Malawians disappointed with government's anti-corruption measures
According to the latest Afrobarometer survey, the majority of Malawians believe that corruption has increased in the last year.
#AfricaBrief: The police are usually regarded as the most corrupt of significant institutions and leaders: According to 42 percent of Malawians, "most" or "all" police are corrupt, followed by the Malawi Revenue Authority (39 percent) and corporate leaders (38 percent )-2022 Afrobarometer Survey
MALAWI: According to the data, the majority of Malawians believe that corruption has increased in the last year.
The police continue to be at the top of the list of offices and institutions believed to be corrupt.
Furthermore, just a small percentage of Malawians believe they may disclose corruption to authorities without fear of punishment.
While the swift expulsion of cabinet ministers and government officials charged with corruption has overwhelming popular support, a thinner majority believes suspects who repay corruption proceeds should be offered amnesty.
▪ Two-thirds (66%) of citizens say the government is performing “fairly badly” or “very badly” at fighting corruption (Figure 1).
▪ More than eight in 10 Malawians (83%) agree with the idea that cabinet ministers and government officials charged with corruption should be fired immediately (Figure 2).
▪ However, 57% of respondents say suspects who refund proceeds from corruption should be granted amnesty (Figure 3).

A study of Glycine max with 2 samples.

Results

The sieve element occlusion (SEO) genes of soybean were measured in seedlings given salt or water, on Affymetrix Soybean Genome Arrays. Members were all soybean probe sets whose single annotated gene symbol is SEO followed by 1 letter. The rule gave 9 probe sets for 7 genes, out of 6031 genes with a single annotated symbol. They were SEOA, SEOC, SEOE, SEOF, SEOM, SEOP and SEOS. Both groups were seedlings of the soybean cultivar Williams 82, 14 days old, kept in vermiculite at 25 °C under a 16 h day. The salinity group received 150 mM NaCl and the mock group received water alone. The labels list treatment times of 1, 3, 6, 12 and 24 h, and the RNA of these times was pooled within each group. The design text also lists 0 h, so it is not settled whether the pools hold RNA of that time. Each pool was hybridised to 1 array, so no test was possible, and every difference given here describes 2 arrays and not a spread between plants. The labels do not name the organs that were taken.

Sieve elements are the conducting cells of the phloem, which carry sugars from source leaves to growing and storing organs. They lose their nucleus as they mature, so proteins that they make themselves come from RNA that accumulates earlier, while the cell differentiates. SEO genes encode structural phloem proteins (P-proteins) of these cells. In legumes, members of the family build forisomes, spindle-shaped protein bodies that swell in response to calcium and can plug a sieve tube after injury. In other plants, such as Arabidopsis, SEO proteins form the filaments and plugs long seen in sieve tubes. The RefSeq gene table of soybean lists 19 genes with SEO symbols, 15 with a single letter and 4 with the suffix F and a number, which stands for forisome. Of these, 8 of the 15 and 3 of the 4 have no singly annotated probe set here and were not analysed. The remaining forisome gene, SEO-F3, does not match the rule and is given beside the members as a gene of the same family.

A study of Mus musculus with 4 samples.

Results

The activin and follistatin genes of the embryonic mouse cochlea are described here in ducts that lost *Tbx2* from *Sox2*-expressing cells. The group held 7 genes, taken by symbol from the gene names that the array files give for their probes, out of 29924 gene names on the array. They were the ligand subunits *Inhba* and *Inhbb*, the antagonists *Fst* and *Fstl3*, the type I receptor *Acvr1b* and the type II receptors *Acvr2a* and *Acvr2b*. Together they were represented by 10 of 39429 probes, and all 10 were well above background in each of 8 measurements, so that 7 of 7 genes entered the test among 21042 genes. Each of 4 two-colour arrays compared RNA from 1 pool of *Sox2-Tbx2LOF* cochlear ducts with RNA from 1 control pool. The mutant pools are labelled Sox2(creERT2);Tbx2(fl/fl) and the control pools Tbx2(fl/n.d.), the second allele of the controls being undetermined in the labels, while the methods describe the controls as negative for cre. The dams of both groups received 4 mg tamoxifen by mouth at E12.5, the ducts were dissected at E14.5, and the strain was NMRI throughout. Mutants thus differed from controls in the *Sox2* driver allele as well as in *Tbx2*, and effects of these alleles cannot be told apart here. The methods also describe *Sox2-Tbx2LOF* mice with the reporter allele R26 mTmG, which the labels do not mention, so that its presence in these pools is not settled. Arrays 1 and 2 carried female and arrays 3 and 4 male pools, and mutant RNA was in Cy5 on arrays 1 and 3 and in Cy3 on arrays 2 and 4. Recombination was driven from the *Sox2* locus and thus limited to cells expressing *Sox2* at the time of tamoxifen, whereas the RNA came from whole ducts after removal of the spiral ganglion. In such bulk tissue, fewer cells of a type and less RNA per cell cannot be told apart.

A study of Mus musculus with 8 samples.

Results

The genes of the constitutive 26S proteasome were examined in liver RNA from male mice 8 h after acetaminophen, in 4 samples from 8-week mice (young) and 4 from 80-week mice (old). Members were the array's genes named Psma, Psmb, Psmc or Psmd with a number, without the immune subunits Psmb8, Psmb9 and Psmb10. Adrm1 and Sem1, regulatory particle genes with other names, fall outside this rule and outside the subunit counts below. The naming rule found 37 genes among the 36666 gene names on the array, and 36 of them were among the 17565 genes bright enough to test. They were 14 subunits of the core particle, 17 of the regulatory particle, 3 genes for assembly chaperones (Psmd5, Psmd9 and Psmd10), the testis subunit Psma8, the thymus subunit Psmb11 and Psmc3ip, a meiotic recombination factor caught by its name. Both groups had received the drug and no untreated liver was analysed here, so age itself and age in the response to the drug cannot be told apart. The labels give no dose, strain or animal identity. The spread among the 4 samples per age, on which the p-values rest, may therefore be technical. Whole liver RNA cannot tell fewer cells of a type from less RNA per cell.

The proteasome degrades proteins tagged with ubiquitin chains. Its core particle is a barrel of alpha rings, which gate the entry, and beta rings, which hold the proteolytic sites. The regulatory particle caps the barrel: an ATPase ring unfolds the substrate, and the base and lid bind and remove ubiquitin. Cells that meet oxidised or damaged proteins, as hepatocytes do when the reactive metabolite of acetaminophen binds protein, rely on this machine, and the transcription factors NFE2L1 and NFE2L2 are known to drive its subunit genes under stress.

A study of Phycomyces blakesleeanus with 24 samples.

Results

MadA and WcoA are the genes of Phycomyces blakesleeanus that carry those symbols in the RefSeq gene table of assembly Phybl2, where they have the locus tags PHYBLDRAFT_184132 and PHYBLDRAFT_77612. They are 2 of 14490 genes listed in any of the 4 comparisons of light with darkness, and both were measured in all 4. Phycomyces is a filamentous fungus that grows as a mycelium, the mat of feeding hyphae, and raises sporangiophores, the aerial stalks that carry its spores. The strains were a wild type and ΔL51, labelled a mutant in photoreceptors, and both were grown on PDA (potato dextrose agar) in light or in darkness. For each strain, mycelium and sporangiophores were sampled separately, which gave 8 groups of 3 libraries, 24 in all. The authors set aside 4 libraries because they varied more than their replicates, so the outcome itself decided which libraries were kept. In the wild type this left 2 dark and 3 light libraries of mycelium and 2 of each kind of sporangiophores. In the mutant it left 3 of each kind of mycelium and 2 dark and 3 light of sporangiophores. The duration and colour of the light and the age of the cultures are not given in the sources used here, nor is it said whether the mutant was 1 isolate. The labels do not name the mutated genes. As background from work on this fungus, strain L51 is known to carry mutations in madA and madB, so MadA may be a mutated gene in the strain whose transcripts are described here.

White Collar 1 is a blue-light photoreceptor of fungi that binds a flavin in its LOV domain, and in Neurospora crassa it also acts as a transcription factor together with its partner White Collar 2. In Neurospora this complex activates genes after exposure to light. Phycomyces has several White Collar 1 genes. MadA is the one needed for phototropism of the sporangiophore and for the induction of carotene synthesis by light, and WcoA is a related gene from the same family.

▪ Two-thirds (66%) of Malawians say that corruption has increased over the past year, including 57% who say it has increased “a lot” (Figure 4).
▪ Among key institutions and leaders, the police are most widely perceived as corrupt: 42% of Malawians say “most” or “all” police are involved in corruption, followed by the Malawi Revenue Authority (39%) and business executives (38%) (Figure 5).
▪ Almost eight in 10 Malawians (78%) say people risk retaliation or other negative consequences if they report corruption to the authorities (Figure 6).
Afrobarometer is a pan-African, non-partisan survey research network that collects and disseminates accurate data on African experiences and assessments of democracy, governance, and quality of life.
Since 1999, eight survey rounds in up to 39 countries have been completed. The ninth round of surveys (2021/2022) is now ongoing. Face-to-face interviews in the respondent's preferred language are conducted by Afrobarometer's national partners.
In February 2022, the Afrobarometer team in Malawi, coordinated by the Centre for Social Research, interviewed a nationally representative sample of 1,200 adult Malawians.
At a 95 percent confidence level, a sample of this size produces country-level results with a margin of error of +/-3 percentage points. Previous surveys in Malawi were done in 1999, 2003, 2005, 2008, 2012, 2014, 2017, and 2019.